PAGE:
The drawing on the right is by Umberto Boccioni "Study for the dynamic force of the cyclist" (1913) and conveys the ideas of motion, power, energy and speed by the use of energetically drawn sweeping lines. It was part of the futurist movement which emphasised concepts of motion by their use of expressive line.
The drawings on the left are with black watercolour and brush on paper (supposed to use India Ink, but I didn't have any). I was supposed to draw a bicycle still - life, but to be honest, couldn't be bothered to drag out the kids' bikes from the garage, so just found a photo from a book to copy (promise I'll make more of an effort next time?..) Anyway.. the point was to convey the kinetic (movement) potential of the still - life non moving object by creating visual activity and movement. The goal was to explore dynamic , expressive possibilities of line and space.
I tried to imagine the bike zooming by quite fast and tried to draw speed and motion - the actual riders are in shadow and not really emphasised as being important to the drawing. I think the use of line is quite dynamic and I think it conveys some sense of motion, so the goal was achieved.
Chinese and Japanese art traditionally uses a very strong link between calligraphy (beautiful writing) and drawing. The picture on the left is by a Chinese artist Kao in the 14th Century and clearly shows the bold, expressive line used on his torso where he would have used his whole arm and wrist in a calligraphic motion. This style is all about the interactions of the drawing tool with the physical movements our hand and body makes.
The drawings on the right are done in black watercolour with a very thick brush on heavy weight paper (was supposed to use India Ink, but didn't have any...) The painting was not to take more than about 5 minutes. I was supposed to respond with body movements to the visual movement of the drapes of the folds of the sheet. I tried to be very flowing and use my wrist and whole arm to capture the style. It would have been better to think about varying the thickness of the lines as my wrist curved. It was an interesting exercise using a style and technique I hadn't tried before... This style can be further studied and refined if you're interested in doing Ink Wash Painting.. http://en.wikipedia.org/wiki/Ink_and_wash_painting
Now we're looking at how line makes visual statements that are personally expressive. The next few exercises are to practise some different line qualities in different styles. The drawing on the left of a shelf of my bookcase is a practice of tonal variations using charcoal on paper. The aim was to analyse and exaggerate the difference between the light and dark areas to heighten the visual effect and to create a mood.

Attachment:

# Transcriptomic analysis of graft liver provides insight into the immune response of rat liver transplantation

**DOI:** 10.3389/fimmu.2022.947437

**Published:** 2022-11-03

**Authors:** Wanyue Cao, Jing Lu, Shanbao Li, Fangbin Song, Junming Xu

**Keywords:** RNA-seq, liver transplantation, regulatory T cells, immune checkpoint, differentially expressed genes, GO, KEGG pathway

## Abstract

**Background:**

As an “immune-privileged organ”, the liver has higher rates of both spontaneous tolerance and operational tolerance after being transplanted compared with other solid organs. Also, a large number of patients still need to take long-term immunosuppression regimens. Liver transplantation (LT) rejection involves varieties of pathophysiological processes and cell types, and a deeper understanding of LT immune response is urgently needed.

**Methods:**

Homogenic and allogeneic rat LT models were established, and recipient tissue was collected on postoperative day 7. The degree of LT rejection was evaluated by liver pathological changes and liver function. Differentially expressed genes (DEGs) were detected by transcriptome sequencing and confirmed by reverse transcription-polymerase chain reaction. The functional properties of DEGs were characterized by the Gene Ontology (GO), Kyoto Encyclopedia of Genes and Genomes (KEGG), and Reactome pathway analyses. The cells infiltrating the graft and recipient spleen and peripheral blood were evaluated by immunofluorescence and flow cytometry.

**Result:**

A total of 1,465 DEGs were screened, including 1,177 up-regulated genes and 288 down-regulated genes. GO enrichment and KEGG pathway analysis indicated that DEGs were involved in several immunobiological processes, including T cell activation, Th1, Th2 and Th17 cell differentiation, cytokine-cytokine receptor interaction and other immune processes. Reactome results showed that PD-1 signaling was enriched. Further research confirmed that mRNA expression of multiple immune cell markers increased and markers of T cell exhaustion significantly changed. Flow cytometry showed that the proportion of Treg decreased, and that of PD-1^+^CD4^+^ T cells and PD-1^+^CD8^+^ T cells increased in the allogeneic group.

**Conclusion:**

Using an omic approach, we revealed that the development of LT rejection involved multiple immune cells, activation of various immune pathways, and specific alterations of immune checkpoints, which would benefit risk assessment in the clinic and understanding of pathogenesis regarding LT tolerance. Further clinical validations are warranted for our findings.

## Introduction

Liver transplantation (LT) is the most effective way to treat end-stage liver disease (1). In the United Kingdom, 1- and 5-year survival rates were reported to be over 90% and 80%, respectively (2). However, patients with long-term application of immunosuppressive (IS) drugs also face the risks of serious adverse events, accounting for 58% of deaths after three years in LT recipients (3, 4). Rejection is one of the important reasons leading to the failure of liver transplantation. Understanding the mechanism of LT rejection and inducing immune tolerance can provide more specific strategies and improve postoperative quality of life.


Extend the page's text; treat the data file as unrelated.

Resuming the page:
The two drawing on the left are exercises I did a few years ago using a picture plane from Betty Edwards' Drawings on the Right Side of the Brain. They are also good examples of tonal use of line to convey three dimensionality and realism. The drawing on the right is an exercise from Keys to Drawing by Bert Dodson and was drawn without use of a picture plane. The point was to choose an unusual end view of the fingertips and stress accurate detail using line only. It was to practise drawing what you see and observe rather than what you know and trying to ignore the logical part of the brain which keeps trying to tell you what a hand should look like. Drawing a range of everyday object from unconventional or unusual points of view is good practice to improve your artist eye...
So, now we're up to cross contour line techniques where we are recording information not just of the outer dimensions of subjects, but of the inner dimensions of the three dimensional form. The point is to follow the contours of the form from the edge inwards by drawing lines through and across the form. A good example of this technique is found in the right hand picture of Albrecht Durer's "Young Steer" (1495) drawing where you can clearly see the brilliance of his line work as he follows the muscles and skeleton of the animal with very detailed cross contour lines to describe the 3D form. It really is meticulous and brilliant. I have a lot of time for good old Albrecht !
This is my attempt at a cross contour line drawing of my peace lily plant in charcoal. The aim was to use parallel line to follow the vertical and horizontal contours of the plant, indicating shadow by drawing the lines close together and leaving areas blank to indicate highlights. I think it would have been better if I'd used a bit more variety in the line to indicate the tonal aspect more definitely and clearly... but it was late...and I was tired.... To do a good job with this topic, I think it's best to be able to take your time and not be rushed or tired.
These exercises were from a few years ago from Bert Dodson's Keys to drawing book. They explore a technique called hatching where tone is produced by a series of short parallel strokes and crosshatching where lines are drawn over top at right angles. It's a very methodical method of drawing and is very controlled and takes hours to complete small sections. These were done with a fine tipped felt pen. The one on the left is a copy of a small section of Georgio Morandi's Still life (1933). On the right is my teapot. Only four tones are used - light, middle light, middle dark and dark. I enjoyed doing this exercise and didn't mind the tedious aspect too much. My natural style and inclination is probably more controlled than spontaneous..
Sacha Grossel is a practising Visual Artist from Australia.